Special Reports

14 Years Later: Working at the intersection of tragedy and trade

Condé Nast employees Berkeley Gibson and Hayley Sumela return from their lunch break to resume work at One World Trade Center. by Elizabeth Arakelian

Condé Nast employees Berkeley Gibson and Hayley Sumela return from their lunch break to resume work at One World Trade Center. by Elizabeth Arakelian

Every morning Hayley Samela gets up in her Hoboken, NJ apartment and peers out her window where she sees the newest addition to Manhattan’s skyline: One World Trade Center.

The 1,776 foot building — the highest in the western hemisphere — is more than a beautiful site to behold for Sumela. It is also where she works.

“I would look at this building all the time because I see it from my window view where I live at home and you know, we all talk about it and we all saw the building going up, but I never thought I would be working in this building,” Sumela said.

Sumela is employed by Condé Nast, which occupies one-third of the nation’s tallest skyscraper. She was already with the company when it moved from its Times Square location and described the transition to One WTC as “surreal.”

“When we first moved here, I mean there was nobody here. It was like “Is the building even open? Am I going through the right doors?” There was a lot of construction still going on and I felt like I was the only person walking the hallways sometimes,” Samela said.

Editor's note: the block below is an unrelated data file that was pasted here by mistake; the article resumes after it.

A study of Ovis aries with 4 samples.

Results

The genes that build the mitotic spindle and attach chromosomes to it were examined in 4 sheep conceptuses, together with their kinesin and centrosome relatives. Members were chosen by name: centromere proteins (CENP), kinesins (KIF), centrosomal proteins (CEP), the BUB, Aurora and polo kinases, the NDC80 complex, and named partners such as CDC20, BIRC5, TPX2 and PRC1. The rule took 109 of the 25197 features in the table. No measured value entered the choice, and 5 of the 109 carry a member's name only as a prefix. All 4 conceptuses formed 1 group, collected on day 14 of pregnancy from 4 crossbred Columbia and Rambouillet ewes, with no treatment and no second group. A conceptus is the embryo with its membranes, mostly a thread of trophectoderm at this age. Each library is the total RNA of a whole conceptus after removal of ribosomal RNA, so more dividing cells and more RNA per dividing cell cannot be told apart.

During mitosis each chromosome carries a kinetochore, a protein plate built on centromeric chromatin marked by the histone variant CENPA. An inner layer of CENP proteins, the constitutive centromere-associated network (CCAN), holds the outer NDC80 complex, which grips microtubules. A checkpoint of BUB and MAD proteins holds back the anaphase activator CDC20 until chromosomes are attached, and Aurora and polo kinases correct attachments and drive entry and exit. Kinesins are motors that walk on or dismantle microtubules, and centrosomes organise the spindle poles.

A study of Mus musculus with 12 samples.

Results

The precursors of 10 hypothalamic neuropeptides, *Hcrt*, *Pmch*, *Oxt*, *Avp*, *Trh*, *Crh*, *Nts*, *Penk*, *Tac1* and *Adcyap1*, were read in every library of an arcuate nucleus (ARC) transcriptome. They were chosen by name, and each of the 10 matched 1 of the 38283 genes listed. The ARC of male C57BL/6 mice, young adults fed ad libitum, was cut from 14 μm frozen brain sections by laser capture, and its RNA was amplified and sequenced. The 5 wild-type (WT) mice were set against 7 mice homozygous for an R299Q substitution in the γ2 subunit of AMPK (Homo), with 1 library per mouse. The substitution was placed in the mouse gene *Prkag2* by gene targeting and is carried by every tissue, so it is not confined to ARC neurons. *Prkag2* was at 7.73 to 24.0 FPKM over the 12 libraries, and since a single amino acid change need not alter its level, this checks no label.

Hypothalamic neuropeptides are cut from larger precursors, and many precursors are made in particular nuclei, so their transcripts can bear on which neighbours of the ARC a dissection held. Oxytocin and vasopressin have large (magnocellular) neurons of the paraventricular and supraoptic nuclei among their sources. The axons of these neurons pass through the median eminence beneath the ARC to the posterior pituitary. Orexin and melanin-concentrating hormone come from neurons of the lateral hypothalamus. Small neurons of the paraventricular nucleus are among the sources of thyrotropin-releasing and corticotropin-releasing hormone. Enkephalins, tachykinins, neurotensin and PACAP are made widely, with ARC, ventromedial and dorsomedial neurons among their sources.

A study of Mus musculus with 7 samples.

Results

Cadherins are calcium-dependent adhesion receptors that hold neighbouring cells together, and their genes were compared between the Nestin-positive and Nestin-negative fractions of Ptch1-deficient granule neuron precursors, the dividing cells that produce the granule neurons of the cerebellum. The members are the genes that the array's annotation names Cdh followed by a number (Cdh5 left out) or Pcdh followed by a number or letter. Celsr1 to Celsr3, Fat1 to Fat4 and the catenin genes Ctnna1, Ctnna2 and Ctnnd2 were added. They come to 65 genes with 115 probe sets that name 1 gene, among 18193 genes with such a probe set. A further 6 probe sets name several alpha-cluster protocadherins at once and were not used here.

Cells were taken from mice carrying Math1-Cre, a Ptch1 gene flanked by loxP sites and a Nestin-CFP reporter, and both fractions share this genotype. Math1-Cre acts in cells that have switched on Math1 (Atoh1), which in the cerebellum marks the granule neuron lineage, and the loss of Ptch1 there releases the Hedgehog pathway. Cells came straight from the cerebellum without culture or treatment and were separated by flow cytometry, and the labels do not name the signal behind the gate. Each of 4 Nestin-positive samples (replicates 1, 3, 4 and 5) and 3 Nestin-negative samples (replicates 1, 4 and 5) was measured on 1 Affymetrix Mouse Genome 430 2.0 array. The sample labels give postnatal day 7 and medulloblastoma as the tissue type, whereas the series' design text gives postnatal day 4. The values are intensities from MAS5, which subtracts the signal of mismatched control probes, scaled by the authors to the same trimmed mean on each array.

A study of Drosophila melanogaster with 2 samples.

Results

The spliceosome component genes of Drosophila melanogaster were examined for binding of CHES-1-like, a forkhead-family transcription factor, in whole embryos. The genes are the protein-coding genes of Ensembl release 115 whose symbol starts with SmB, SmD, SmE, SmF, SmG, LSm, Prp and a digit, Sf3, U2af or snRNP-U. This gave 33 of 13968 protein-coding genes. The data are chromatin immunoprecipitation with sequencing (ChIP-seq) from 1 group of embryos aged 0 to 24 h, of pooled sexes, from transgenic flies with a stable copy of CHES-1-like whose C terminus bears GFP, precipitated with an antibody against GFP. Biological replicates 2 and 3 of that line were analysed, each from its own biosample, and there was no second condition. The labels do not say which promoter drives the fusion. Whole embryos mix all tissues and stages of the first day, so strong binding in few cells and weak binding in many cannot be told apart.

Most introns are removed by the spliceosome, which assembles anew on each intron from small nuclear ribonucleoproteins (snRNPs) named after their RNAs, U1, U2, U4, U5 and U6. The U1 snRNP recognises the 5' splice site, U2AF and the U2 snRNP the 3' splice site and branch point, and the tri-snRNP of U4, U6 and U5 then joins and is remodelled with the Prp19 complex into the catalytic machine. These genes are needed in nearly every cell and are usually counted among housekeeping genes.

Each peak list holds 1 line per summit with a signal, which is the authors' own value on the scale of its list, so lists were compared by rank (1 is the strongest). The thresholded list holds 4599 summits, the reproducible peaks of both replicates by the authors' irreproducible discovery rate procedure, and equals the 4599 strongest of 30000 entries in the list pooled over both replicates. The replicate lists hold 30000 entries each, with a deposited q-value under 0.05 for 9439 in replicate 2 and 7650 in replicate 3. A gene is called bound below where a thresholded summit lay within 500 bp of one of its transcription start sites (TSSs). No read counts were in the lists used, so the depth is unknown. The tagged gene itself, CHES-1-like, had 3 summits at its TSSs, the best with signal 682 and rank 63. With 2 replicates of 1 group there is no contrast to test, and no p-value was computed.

The scene at One WTC has changed since its opening in 2014 as the Center has taken on a life of its own, functioning as both a business hub and sightseeing destination. While entrance to One WTC is reserved for only those with proper identification, the security guards do double duty by directing scores of tourists towards the nearby memorial. Just as many employees enter the building as visitors who pause to gawk at the tower lending the area an odd dynamic as an intersection of tragedy and trade.

Standing as a resilient reminder of the horrific terrorist attacks that occurred on Sept. 11, 2001, One WTC has become a symbol of progress in New York and the nation. Those who work there are daily in the proximity to the site of tragedy that has since become a hallmark of this generation.

“The first time I went to the memorial it was very overwhelming, but when you get to come here everyday it gets less emotional” said Nelly Bakhtadze, an employee of technology firm Symphony.

Though the hundreds of individuals that walk into One World Trade Center everyday can likely recall precisely where they were when the towers were hit, for many the tragedy is something to remember, not relive.

“I think there is so much security in the way the building has been built I hope that there would never be an issue again,” said Condé Nast employee Berkeley Gibson.

GQ Magazine employee John Keeley was in fourth grade in South Jersey when the towers were hit and while he recalls cowering under his desk in fear and confusion, today he proudly enters the doors of One WTC calling it an “amazing opportunity.”

“You tend to find, some people think it’s really cool that I work in the World Trade Center and some people are like “Are you scared that something’s going to happen?” It’s like, no,” he said. I get to walk through the memorial everyday and the water is running and there is this beautiful park and I think it is great that we have this awesome new building.”